Judge Glass stays on the case - Titus calls her “wicked” and “mean”

Glenn reports on the motion to remove Judge Glass as the judge on the case. Titus and his lawyer were denied an such removal. Will this come back to bite them? We’ll have to see when the trial begins in April. Visit the Last Vegas Review Journal for the full story.

Judge stays on murder case
Bodybuilder loses bid to have Glass removed from trial

By Glenn Puit | Las Vegas Review Journal

First Craig Titus badmouthed District Judge Jackie Glass, calling her “wicked” and “mean.”

Then Titus’ attorney sought to have Glass removed from the bodybuilder’s murder case, contending that the judge engaged in misconduct by holding a prohibited conversation with a prosecutor and another attorney.

But on Friday, Clark County Chief Judge Kathy Hardcastle reviewed the allegations against Glass and determined that the judge did nothing wrong, and now Titus faces a murder trial in front of the judge he criticized.

“No matter what the circumstances are, I’ll be able to manage,” Titus’ attorney, Marc Saggese, said Friday.

One veteran attorney said that despite the way Titus and his attorney criticized Glass, he has no doubt the defendant and his attorney will get fair treatment in the courtroom.

Attorney Charles Kelly, who has practiced in front of Glass, said Glass will do what a judge is required to do under the circumstances: ignore all the distractions and simply rule on the facts of the case.

“She’s a human being, but my experience with her has been pretty damned good,” Kelly said. “I’ve been very impressed with her, how she handles herself. They have basically put her judicial tender to task by virtue of these motions, but I have no doubt that, given my experiences with her, she’ll do fine.”

Titus, 42, and his wife, fitness champion Kelly Ryan, 34, are charged with killing their personal assistant, Melissa James, in December. Authorities allege that the couple then burned James’ body in the trunk of Ryan’s Jaguar off state Route 160. A third defendant, Anthony Gross, has been charged with helping the couple dispose of the body.

In October, police arrested a Titus acquaintance, Nelson Brady Jr., on charges that he tried to hire a hit man to kill three witnesses in Titus’ murder trial. Titus has not been charged in the plot.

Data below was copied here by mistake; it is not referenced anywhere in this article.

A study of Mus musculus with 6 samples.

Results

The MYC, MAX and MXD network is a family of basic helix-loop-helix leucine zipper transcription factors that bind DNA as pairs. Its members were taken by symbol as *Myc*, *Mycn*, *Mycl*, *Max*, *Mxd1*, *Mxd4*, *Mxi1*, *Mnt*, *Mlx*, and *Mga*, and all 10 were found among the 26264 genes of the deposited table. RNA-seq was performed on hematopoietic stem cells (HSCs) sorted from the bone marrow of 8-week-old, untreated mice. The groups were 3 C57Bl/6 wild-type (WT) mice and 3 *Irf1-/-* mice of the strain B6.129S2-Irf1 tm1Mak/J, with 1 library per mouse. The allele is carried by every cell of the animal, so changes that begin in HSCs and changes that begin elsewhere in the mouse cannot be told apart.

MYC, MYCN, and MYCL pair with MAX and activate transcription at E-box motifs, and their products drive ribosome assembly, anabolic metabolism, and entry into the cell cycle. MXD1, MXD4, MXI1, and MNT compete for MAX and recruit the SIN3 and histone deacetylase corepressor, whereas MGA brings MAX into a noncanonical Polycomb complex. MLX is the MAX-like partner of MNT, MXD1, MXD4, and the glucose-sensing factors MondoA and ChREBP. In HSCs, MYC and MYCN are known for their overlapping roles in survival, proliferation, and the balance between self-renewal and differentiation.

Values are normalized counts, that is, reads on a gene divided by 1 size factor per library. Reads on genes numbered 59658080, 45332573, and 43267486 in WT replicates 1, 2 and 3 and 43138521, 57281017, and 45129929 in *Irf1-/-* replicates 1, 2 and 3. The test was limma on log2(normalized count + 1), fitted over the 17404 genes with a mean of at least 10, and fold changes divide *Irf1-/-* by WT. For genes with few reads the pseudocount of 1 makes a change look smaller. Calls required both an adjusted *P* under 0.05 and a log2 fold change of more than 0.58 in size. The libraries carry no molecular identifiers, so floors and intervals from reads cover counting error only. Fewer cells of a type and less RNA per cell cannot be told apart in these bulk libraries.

During the murder-for-hire investigation, however, police suspected that Titus was involved in the plot, so they staged the death of Gross, one of the alleged plot’s targets. But Gross’ supervising house arrest officer was not told of the ruse, and he pursued a warrant for an arrest of Gross, believing the young man had fled the jurisdiction.

On June 26, Clark County prosecutor Robert Daskas and an attorney for Gross, James Oronoz, met with Glass about the matter. According to a Las Vegas police report, “Glass was informed of the actual circumstances regarding Gross’ disappearance and his current location/status.”

Saggese said this indicated to him that Glass was told of the particulars of the murder-for-hire investigation, yet Glass never disclosed this fact to defense attorneys and then ruled against Titus on subsequent legal motions.

Daskas, a detective and Oronoz each filed affidavits saying Glass was not informed that Titus was a suspect, and Hardcastle determined Friday that Glass should stay on the case.

“What is presented here is nothing more than a bare motion supported by suspicions and assumptions about why events turned out the way they did,” the judge said. “This court cannot disqualify a judge on such a motion.”

Saggese said he was disappointed with the ruling and felt that a hearing on the matter should have been held. He said given the facts presented to him, he had a legal obligation to pursue Glass’ removal.

“I just want to make sure everyone is playing by the rules,” Saggese said. “Don’t fault the defense for taking the words of an officer as true.”

But Daskas said the motion was meritless, and he also took issue with Saggese previously suggesting that either he was lying or police had filed a false police report.

“What he essentially said is, I’m lying,” Daskas said. “Well, if I’m not telling the truth, neither is the judge and neither is Jim Oronoz because we all filed affidavits on this under the penalty of perjury. That is a bold accusation to make.”